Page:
Second FPL solar power generation facility in Walton County on way to approval

Jim Thompson
Northwest Florida Daily News

PAXTON — Florida Power & Light can begin work on its second solar power generation facility in Walton County as soon as it provides a flood elevation study to the Walton County Planning Department, under terms of a unanimous Wednesday decision by the county's Technical Review Committee.

The committee, comprising representatives of various county government departments and chaired by Walton County Planning Director Mac Carpenter, approved the development order for the Pecan Tree Solar Energy Center — set to be constructed on 762 acres southeast of Paxton off E.M. White Road in the north county — contingent on getting the flood elevation study in hand.

Background on the project:Walton commissioners approve settlement with Gulf Power for solar power facility

Previous coverage:Crestview residents protest FPL rate hikes at City Council meeting

Because the solar power generation facility is classified as a minor development, the TRC decision clears the way for the project to proceed.

At Wednesday's meeting, FP&L engineer Brandon Eckard said a flood elevation study is underway, and he committed to keeping construction of the project above base flood elevation levels across the parcel.

The Pecan Tree Solar Energy Center will cover approximately half of a 1,600-acre parcel that, in turn, is part of a 4,500-acre assemblage of adjacent properties where FP&L plans to locate three more solar facilities.

This diagram of acreage southeast of Paxton shows part of the area where Florida Power & Light plans to develop solar energy generation facilities. The Pecan Tree Solar Energy Center, given conditional approval on Wednesday by the Walton County Technical Review Committee, will cover roughly the top left area of the diagram.

The four projects will join an initial project already approved by the county, the Chautauqua Solar Energy Center on nearly 900 acres at Harrison Road and Brown Road, also southeast of Paxton and about 3 miles east of U.S. Highway 331.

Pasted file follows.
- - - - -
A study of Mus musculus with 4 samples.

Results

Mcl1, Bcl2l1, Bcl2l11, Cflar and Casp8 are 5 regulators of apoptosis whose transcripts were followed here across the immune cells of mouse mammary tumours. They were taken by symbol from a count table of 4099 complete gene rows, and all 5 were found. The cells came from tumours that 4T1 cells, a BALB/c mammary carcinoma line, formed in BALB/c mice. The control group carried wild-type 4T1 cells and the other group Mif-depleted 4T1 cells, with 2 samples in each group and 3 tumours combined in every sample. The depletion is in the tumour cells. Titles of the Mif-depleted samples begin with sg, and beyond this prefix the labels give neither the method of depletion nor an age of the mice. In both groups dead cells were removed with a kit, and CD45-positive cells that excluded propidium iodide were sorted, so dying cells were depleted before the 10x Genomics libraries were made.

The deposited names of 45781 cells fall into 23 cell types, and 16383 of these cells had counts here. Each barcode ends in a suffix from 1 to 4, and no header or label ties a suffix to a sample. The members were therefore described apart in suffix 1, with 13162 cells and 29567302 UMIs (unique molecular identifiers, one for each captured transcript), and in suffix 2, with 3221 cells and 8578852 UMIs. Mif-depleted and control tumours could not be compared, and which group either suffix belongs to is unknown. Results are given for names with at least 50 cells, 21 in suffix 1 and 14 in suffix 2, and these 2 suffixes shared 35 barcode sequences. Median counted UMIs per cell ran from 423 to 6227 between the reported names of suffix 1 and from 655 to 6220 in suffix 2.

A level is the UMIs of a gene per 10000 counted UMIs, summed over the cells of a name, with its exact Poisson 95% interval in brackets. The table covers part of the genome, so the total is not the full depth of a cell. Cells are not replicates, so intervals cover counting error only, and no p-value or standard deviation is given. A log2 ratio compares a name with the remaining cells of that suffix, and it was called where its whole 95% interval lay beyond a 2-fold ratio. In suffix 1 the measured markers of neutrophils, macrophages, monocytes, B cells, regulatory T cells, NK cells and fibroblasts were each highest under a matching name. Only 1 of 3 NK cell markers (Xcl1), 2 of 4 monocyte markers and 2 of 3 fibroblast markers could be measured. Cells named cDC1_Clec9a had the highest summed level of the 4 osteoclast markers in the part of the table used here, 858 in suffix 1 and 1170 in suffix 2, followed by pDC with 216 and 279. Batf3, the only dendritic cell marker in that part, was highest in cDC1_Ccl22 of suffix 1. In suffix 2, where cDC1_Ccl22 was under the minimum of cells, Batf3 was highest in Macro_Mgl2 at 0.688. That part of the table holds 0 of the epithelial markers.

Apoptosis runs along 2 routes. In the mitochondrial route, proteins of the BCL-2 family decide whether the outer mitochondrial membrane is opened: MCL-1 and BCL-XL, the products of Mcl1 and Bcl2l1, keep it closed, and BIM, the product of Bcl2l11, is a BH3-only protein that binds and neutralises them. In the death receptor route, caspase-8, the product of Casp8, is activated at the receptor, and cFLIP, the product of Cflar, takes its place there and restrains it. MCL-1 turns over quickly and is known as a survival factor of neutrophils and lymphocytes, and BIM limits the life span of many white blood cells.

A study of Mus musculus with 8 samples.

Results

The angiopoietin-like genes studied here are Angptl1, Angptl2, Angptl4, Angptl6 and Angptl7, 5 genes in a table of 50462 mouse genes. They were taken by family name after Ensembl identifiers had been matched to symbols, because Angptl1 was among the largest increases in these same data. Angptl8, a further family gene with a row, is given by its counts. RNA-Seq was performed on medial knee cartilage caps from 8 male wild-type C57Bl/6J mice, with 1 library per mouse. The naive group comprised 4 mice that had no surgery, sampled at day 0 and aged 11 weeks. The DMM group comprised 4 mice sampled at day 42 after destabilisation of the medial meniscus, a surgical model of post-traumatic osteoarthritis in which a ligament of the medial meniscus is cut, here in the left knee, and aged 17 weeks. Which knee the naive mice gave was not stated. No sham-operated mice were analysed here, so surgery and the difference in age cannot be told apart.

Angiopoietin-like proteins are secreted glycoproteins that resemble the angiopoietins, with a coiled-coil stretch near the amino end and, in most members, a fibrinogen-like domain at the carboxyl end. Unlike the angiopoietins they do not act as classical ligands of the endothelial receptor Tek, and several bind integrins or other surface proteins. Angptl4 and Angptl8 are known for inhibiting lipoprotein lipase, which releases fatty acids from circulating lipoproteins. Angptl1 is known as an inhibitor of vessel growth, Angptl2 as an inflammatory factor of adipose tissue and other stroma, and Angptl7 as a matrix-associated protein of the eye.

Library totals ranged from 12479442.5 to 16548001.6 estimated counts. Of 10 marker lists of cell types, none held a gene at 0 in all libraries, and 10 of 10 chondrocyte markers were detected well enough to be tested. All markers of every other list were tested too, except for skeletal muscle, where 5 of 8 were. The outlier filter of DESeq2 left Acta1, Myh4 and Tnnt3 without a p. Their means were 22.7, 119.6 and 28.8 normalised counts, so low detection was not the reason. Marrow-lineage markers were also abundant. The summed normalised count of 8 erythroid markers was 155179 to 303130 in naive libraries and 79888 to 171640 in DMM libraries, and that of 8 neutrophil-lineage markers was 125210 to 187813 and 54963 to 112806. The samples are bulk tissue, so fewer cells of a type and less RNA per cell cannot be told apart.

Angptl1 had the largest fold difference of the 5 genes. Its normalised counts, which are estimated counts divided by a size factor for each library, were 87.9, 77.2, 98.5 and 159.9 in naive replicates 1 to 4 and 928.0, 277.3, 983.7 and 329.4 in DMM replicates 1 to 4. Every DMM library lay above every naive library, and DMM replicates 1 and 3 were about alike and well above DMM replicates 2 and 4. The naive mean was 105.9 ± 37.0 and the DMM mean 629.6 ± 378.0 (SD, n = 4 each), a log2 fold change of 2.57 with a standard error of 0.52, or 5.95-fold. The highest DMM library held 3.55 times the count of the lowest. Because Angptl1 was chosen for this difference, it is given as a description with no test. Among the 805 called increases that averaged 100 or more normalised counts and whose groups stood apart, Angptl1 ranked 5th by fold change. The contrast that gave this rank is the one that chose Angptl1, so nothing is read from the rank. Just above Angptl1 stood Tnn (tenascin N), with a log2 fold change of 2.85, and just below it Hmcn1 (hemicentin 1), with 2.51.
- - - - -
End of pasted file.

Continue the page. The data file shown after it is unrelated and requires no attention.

The solar panel footprint at the Chautauqua site will cover almost 400 acres. Construction is underway, and the 74.5-megawatt facility is expected to come online sometime this year, an FP&L spokeswoman said recently. A facility of that size can power 15,000 homes annually, according to an online Florida Power & Light primer on solar energy.

Earlier:FPL pursuing second solar power facility in Walton County

The five FP&L solar projects are part of what began as a joint effort by FP&L and Gulf Power to install 30 million solar panels across Florida by 2030. FP&L and Gulf Power officially merged Jan. 1, and the project is continuing as an FP&L initiative.

Prior to FP&L's pursuit of the Pecan Tree Solar Energy Center and its upcoming solar projects in the Paxton area, the county and Gulf Power — which was pursuing the Chautauqua Solar Energy Center project prior to the merger with FP&L — got involved in some legal wrangling that had a direct bearing on Wednesday's action by the Technical Review Committee.

A diagram of the proposed Pecan Tree Solar Energy Center planned by Florida Power & Light in the northern end of Walton County shows the proliferation of solar panels across the site. The project got a conditional approval Wednesday from the Walton County Technical Review Committee.

Walton County commissioners initially rejected the proposed Chautauqua project based on concerns that solar facilities could not be located in agriculturally zoned areas, despite Carpenter's assertion that such projects were allowed in those areas.

The 3-2 vote in December 2020 also was made in the face of significant opposition to the project from nearby residential property owners.

Gulf Power challenged the commission's decision in court, and in July of last year the county agreed to settle the dispute. Under terms of the settlement, solar facility projects now are considered "minor developments" under county planning rules, meaning that they can be approved by the Technical Review Committee and can move forward, provided requirements for construction permits and other permissions are met by the developer.

Prior to the settlement, projects like solar power generation facilities were considered "major developments," meaning that in addition to getting through the TRC, they had to get approvals from the Walton County Planning Commission and the Walton County Board of Commissioners. 

Interestingly, the settlement agreement was developed at the same time as state legislation signed into law by Gov. Ron DeSantis established that solar facilities are a permitted use in agricultural land use categories in local governments' comprehensive land-use plans and within some locally designated agricultural zoning districts.